HR certifications increase salaries by US$20,000: Report

Professionals with PHR, SPHR also promoted faster
|hrreporter.com|Last Updated: 06/18/2013

Certified HR professionals can earn up to 93 per cent more overall than their colleagues without the credentials, according to a survey by PayScale and the Society for Human Resource Management in the United States.

“In today’s ever-changing work environment, many professionals are wondering whether there is real value in pursing professional certifications,” said Katie Bardaro, lead economist at PayScale. “Our research shows there are tangible benefits for HR professionals to attain PHR (Professional in Human Resources) and SPHR (Senior Professional in Human Resources) credentials that will positively impact their compensation and career growth throughout their entire career.”

As with many functions, the business of HR is rapidly evolving, said Bardaro. “Professionals who continuously enhance their learning and add new skills are likely to maintain an edge in earning power.”

Below are other highlights from PayScale’s The Value of PHR and SPHR Certifications: Sugar Coating or Career Sweetener? report:

• Holding either a PHR or SPHR will boost salaries for HR professionals by more than $20,000, across various metro markets in the U.S.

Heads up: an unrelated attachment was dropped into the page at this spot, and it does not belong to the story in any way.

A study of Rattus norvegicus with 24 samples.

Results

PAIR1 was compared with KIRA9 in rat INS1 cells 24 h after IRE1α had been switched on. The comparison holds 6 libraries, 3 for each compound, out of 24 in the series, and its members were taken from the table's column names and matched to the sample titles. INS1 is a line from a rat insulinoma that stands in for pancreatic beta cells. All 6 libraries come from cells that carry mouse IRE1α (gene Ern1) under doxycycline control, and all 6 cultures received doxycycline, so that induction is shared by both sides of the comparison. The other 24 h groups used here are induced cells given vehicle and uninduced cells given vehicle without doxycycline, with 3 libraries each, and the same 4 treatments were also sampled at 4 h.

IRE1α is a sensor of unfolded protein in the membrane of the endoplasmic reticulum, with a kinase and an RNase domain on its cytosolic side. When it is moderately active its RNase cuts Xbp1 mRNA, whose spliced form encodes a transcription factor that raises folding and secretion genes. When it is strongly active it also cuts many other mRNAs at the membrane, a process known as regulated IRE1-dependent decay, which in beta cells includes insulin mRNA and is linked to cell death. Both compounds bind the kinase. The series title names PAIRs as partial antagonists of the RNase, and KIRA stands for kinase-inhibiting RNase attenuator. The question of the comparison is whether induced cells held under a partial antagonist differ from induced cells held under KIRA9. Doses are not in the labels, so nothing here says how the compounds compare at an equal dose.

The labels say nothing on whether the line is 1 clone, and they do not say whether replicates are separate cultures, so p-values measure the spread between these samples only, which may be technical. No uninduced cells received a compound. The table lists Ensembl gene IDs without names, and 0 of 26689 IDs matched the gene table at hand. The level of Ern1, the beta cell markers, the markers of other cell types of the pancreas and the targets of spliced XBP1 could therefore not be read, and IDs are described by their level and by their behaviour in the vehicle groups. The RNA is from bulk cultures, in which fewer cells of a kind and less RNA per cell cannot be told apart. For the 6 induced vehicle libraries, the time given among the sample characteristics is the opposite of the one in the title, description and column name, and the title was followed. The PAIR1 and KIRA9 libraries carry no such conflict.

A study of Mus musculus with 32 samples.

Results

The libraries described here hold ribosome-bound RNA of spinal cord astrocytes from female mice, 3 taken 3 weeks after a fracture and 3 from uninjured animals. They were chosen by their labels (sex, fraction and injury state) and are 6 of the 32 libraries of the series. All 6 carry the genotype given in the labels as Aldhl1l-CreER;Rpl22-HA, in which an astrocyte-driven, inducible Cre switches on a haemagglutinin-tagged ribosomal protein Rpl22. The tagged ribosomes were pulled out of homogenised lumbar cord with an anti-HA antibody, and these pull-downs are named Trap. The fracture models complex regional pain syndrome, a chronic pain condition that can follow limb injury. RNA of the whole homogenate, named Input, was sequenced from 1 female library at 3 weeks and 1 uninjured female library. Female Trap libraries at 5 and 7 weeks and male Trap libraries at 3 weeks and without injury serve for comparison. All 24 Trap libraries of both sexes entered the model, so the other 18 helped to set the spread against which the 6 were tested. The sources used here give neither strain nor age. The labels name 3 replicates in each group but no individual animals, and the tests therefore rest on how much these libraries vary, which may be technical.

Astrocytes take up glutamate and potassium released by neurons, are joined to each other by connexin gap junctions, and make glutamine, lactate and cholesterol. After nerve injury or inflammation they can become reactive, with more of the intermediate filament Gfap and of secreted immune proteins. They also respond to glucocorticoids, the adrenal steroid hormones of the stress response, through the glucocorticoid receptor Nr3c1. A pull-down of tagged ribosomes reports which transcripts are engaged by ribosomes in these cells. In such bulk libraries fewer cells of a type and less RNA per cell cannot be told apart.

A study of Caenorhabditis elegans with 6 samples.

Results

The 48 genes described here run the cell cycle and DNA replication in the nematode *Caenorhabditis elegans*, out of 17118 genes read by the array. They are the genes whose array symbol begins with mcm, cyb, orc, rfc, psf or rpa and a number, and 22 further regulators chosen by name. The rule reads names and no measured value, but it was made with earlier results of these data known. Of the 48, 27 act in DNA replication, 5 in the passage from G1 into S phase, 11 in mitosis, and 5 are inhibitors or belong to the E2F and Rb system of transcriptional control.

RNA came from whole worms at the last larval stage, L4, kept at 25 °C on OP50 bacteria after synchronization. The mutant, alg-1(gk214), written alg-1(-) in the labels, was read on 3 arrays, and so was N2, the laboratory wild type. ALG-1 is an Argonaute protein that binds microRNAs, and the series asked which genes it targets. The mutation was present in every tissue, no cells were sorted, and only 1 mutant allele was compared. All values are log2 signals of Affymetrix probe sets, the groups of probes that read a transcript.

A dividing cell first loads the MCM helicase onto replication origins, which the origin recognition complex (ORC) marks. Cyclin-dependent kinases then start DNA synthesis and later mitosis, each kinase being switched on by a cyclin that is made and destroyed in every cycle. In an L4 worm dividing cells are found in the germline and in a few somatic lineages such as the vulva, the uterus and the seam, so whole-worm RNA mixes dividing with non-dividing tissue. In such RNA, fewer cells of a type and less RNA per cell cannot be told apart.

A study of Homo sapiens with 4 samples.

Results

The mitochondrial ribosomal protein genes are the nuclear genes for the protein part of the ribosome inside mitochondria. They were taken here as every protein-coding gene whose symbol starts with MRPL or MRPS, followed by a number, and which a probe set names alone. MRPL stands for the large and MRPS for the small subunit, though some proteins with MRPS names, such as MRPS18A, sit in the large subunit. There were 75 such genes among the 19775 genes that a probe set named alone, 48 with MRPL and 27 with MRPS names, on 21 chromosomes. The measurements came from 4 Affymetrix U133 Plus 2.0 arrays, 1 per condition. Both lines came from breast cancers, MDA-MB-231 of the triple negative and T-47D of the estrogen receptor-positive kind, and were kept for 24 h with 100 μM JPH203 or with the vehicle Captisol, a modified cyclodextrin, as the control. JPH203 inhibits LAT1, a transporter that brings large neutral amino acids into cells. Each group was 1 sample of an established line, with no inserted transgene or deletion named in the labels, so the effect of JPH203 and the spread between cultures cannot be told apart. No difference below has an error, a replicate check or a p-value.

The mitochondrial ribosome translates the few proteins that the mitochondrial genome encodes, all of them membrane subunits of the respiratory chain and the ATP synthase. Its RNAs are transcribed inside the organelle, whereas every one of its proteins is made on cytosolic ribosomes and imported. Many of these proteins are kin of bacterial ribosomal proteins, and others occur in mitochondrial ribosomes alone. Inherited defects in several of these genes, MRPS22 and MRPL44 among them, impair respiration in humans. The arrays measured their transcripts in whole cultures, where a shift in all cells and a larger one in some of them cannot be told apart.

• HR professionals with an SPHR make 93 per cent more overall that those without any certification (overall median annual pay without any certification is US$45,600 versus US$87,900 with SPHR).

• HR certification has a greater positive impact on salary for HR professionals in cities located on the East Coast than it does for West Coast cities.

• Certified HR professionals tend to advance to senior roles more quickly. Nearly two-thirds (63 per cent) of HR assistants with certification received a promotion within five years, compared to only 34 per cent of those without certification.

• The likelihood of holding HR certification increases with seniority. Nearly one-half of HR vice-presidents are certificated with 25 per cent holding a SPHR and 19 per cent holding a PHR.